For some reason I can't seem to figure this one out. Perhaps I'm overthinking here.
If the client has a positive reponse to Homan's wouldn't that be subjective because it is based on the client's perception of pain? Or is it objective because I observed the client reaction?
I just can't seem to arrive at a decision as to where to place this data.
Nov 4, '06
although this is a bit confusing, it is considered objective data, a sign. (the term "sign" helps classify this as objective.) you are performing an intervention on the client (dosiflexion of foot) and directly observing the client reaction (positive or negative report of calf pain). along with the homan's sign, you would also be eliciting other objective data in your assessment of the client's peripheral vascular status such as: appearance of skin and nail beds; capillary refill; symmetry of extremities; warmth of extremities; any edema, varicosities or tenderness; quality of carotid, brachial, radial, femoral, popliteal and pedal pulses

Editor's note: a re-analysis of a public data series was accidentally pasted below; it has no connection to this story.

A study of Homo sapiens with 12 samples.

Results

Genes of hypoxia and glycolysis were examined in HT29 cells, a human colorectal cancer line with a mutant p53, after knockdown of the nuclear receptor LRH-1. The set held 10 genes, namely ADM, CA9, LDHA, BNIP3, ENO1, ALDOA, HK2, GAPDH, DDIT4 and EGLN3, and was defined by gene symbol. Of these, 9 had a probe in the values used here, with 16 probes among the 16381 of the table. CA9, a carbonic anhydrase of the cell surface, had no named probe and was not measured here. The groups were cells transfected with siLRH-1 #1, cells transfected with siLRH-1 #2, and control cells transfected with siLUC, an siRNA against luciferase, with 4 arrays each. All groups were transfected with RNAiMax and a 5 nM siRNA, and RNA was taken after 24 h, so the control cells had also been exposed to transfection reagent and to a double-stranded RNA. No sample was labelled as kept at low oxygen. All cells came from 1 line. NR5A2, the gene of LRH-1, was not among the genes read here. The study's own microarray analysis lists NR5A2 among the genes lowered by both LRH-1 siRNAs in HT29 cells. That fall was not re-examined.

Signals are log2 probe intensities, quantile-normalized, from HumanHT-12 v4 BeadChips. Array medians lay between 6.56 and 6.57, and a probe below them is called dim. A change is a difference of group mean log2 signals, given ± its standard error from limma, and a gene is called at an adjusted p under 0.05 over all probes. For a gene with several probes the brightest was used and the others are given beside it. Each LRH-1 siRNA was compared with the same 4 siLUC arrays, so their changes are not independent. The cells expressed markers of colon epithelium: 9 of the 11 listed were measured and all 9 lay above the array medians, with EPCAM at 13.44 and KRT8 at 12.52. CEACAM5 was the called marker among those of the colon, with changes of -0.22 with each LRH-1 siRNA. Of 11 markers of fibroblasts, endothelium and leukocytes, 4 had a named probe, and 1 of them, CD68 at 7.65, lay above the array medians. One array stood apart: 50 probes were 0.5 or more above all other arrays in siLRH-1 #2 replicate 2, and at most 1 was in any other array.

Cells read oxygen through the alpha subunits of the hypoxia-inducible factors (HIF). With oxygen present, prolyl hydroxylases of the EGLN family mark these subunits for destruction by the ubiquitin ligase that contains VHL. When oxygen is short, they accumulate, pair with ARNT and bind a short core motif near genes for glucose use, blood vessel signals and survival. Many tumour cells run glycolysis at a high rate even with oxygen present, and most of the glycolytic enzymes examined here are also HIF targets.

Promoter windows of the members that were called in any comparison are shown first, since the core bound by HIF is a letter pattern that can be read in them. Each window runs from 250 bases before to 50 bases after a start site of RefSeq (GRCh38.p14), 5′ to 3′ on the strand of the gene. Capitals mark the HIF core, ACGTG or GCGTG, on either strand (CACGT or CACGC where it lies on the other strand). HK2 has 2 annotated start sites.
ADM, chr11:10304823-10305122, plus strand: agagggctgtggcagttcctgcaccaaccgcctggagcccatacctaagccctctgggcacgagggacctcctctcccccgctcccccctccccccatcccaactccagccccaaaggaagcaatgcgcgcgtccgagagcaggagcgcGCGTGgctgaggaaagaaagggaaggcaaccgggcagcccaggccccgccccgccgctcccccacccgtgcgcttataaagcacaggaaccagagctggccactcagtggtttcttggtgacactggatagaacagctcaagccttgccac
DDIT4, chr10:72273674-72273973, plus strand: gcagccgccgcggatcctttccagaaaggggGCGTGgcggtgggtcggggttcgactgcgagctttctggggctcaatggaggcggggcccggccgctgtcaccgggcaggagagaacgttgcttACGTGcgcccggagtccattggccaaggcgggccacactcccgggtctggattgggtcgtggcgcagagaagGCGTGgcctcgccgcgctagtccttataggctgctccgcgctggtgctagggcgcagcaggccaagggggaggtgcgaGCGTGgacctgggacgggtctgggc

"objective:perceptible to persons other than the affected individual. "
objective data is information collected by using the senses. information that can be seen (observation), felt (palpation), heard (auscultation) (percussion), or smelled. objective data can be called signs.
signs are objective and can be observed by the five senses. rashes or other visible skin changes, lumps or masses that can be felt, and heart and lung sounds that can be heard are all objective signs. x-rays, ekg readouts, and laboratory tests also provide objective information that can be used to understand a health condition.
"subjective: arising out of one's perception of one's own state."
subjective data is the information the patient or the caretaker tells the nurse during the nursing assessment. subjective data can be called symptoms. symptoms are subjective and are experienced and reported by the individual being questioned. aches, pains, spasms, weakness, fatigue and feelings of irritability or anxiety are all subjective.
symptom analysis: location, quality, quantity or severity, timing, setting, factors that make it better or worse, and association manifestations.